Research facilities in Theme 2

Last changed: 15 April 2024

Field experiments

The field experiments within Theme 2 are mainly performed at SLU’s research park Svartberget in the county of Västerbotten. Several studies are concentrated in pine stands on poor and fertile soils at the research sites Rosinedal and Degermyren within the park.

The experiments performed at the sites span over a wide range of topics but the research in Theme 1 is focussing on N and C cycles. The whole ecosystem is studied, from C sequestration in the needles to the roles of the soil microorganisms. The results indicate that soil microorganisms to a large extent “lock up” N added to poor soils. There is an apparent immobilization of the nitrogen, which prevents the tree from absorbing it.

The trees can, however, take up a larger proportion of nitrogen added on more fertile soils. The microbe community on these soils has access to sufficient nitrogen for their own growth, leaving the excess available to the tree.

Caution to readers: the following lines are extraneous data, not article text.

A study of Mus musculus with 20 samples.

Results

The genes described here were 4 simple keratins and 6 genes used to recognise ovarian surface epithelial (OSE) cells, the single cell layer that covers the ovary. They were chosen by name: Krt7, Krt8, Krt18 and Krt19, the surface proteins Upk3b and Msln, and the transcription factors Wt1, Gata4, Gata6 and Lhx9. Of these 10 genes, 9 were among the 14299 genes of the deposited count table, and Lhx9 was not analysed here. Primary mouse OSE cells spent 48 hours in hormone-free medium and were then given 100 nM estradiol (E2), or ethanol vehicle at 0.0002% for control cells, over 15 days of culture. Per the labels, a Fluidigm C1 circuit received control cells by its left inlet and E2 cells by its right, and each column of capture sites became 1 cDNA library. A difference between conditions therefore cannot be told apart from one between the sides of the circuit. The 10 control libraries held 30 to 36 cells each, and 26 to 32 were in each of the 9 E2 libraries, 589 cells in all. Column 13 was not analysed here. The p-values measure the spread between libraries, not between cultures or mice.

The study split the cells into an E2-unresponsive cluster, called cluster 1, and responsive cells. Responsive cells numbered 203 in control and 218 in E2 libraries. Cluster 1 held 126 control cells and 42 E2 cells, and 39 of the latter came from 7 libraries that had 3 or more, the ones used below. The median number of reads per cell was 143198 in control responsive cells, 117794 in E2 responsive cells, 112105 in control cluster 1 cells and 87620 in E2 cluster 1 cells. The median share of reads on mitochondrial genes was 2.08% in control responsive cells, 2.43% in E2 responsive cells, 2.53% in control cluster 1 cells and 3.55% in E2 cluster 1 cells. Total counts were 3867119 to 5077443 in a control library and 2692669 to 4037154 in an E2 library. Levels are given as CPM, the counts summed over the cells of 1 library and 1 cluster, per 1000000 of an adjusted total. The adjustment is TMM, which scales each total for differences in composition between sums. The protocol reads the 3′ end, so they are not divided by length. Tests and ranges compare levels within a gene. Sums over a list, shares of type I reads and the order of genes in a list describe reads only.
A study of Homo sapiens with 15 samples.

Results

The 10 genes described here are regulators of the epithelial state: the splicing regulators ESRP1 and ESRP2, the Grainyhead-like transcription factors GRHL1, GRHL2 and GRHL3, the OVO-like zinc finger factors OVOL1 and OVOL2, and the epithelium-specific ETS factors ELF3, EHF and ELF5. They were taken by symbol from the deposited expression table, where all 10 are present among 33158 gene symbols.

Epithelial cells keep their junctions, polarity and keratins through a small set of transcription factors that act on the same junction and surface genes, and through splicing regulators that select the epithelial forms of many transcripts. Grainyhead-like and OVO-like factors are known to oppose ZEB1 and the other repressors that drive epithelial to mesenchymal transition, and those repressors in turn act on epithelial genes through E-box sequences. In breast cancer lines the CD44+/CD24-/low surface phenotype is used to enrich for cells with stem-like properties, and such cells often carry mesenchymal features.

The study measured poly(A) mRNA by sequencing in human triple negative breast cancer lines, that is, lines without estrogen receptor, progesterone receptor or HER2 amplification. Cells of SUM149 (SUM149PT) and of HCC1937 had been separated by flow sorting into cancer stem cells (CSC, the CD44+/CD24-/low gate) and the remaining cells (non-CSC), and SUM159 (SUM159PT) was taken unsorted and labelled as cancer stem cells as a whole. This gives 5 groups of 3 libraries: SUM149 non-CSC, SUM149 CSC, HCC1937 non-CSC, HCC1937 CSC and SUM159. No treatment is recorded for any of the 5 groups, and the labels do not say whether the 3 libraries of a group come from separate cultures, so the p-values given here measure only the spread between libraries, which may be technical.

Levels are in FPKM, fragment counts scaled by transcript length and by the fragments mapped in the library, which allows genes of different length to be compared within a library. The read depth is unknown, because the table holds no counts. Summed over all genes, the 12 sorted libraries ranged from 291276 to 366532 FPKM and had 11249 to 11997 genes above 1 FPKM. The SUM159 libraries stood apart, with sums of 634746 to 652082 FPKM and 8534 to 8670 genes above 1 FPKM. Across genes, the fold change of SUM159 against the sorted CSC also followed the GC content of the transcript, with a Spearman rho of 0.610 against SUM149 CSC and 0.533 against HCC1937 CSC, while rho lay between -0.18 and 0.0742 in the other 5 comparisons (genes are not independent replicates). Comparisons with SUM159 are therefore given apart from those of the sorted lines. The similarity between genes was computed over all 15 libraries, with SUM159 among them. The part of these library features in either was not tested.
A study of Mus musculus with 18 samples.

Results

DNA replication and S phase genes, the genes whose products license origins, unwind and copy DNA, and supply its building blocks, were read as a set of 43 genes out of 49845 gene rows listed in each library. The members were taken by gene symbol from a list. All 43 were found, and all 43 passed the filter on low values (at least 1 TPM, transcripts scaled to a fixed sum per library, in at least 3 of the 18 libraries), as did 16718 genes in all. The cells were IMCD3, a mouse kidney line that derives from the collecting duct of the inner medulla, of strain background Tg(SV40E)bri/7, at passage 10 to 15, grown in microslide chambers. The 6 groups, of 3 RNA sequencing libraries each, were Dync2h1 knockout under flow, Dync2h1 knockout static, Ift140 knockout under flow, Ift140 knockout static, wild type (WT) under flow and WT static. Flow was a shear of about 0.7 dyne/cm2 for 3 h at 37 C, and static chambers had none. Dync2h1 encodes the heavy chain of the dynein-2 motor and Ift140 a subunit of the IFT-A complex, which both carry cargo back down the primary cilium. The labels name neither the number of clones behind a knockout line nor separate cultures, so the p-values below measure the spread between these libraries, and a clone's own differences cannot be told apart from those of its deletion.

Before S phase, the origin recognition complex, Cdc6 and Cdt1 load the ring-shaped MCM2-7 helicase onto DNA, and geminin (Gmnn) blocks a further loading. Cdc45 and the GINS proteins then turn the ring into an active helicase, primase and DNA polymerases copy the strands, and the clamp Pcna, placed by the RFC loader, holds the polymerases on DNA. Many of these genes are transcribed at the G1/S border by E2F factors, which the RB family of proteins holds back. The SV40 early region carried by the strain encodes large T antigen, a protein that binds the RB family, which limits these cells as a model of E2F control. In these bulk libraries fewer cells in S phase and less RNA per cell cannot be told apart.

The project is also using the well-known experiment in Flakaliden, where the now 50-year-old spruce forest has been continuously fertilized since the experiment was established in 1986. In 2011 and 2012, annual variation in root physiology was studied along with RNA- and DNA-analyses of the associated microorganisms.

Method development

One essential contribution from Theme 2 is the development of new research methods and technology.

A new method for microdialysis allows a better estimate of the fluxes of inorganic nitrogen in the soil. The traditional method of studying soil nitrogen is restricted to estimates of concentrations at single time points. The microdialysis provides a better picture of what happens with the nitrogen after fertilization, and how the nitrogen flow rate within the soil is affected by factors such as soil temperature.

New methods for RNA- and DNA-analysis of roots and soil (metagenomics) have been developed within Theme 2. It is today possible to identify changes in gene activity in microorganisms associated with roots or needles. The methods have been used to study seasonal variations of soil, roots and needles at Flakaliden.